Virtual reality is now inside retailers’ back rooms: Walmart is using the goggles made popular by video games to teach its employees how to handle swarms of shoppers on Black Friday.
Not just Black Friday, but any number of situations workers may run into on the sales floor, stock room or produce department. These situations aren’t re-creations, either. The Black Friday module is created from real footage from an actual Walmart store captured on a 360-degree camera positioned behind a store’s electronic’s counter.
"Black Friday is a busy, hectic day for everyone," said St. Petersburg Walmart employee, Sandi Hughes. "With the VR, an associate can feel how it can play out without being on the sales floor and worrying about, ‘if I make a mistake, I’m going to be in trouble.’"
A decade before I was a retail reporter, I was a cashier at a big-box store similar to Walmart.
When Hughes slipped the virtual reality, or VR, goggles over my glasses I was brought right back to the realities of Black Friday: the dozens of shoppers, packed carts and endless lines.
I said I’d never go back. But through the magic of modern technology, I was knee-deep in clamoring shoppers, long lines and an anticipated amount of retail chaos. A manager desperately searching for keys no one seemed to have; a toddler standing up in her shopping cart seat causing the kind of safety hazard that makes you cringe; a woman with one nasty scowl on her face as she was getting checked out.
And all of this is going on at once in an immersive stream of video. Another Walmart employee, Debbie Valdes, paused the video to ask me questions as if I was an employee in training .
Like: You noticed this standing toddler, what should you do?
The wrong answer? Talk straight to the toddler. Valdes said parents don’t want to feel like you’re parenting their child. But if you talk straight to the parent and say you want to ensure the child is safe and could she please sit down in the cart, most times you’ll get a positive response.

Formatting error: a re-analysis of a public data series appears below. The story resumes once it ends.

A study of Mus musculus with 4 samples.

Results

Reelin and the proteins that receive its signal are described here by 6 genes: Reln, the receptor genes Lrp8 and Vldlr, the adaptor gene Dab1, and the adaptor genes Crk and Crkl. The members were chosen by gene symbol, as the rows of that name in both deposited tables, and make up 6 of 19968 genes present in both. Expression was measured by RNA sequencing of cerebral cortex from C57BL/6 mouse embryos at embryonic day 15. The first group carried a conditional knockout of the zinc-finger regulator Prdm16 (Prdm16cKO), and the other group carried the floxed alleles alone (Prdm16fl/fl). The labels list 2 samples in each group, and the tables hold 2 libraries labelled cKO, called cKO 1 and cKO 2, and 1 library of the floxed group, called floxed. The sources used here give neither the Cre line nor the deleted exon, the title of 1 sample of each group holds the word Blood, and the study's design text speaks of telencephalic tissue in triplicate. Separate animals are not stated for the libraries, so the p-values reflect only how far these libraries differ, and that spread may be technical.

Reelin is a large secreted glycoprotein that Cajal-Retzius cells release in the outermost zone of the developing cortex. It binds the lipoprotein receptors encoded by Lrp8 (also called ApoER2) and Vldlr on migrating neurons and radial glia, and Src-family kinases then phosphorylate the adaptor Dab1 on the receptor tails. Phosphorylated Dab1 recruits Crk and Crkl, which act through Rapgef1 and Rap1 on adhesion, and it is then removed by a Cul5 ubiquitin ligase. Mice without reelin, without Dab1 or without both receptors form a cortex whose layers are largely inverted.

Valdes said in the classroom, the entire group in the training works together to come up with answers on how they could handle the varying real-life situations.
It’s a big change from what used to be the standard in retail training: binders of information, computer slides, quizzes and scripted video segments.
The biggest asset Walmart has over online retailers such as Amazon is its physical retail space. Some shoppers prefer to be able to touch, feel or examine items before buying. Hughes, who helps train Walmart managers, said the VR and its real-life footage are valuable tools to help employees to foster "a seamless shopping experience."
Inside the Walmart on Bay Pines Avenue in St. Petersburg, there’s a small school tucked into the back room. It’s one of five "Walmart Academies" in the greater Tampa Bay area and 200 across the country. That’s where Hughes and Valdes get to work as a Walmart "facilitators" and lead classes for hourly and salary supervisors.
During the last year, the VR goggles and modules were only used in the academy. But now they’re being shipped to the region’s nine Walmart Supercenters and 10 Walmart Neighborhood Markets. Dozens of new modules have been created, focusing on being a cashier, working in the deli or stocking produce.
Walmart is using the same high-tech Oculus goggles that are being used for video games. The same technology also is being used by used by local architecture companies so clients can "walk around" and look at 3-D renderings of their to-be built buildings.
Hughes paused after explaining how Walmart training has advanced even in just the last few years because of technology.
"Makes you wonder what it will look like in another 10 years," she said.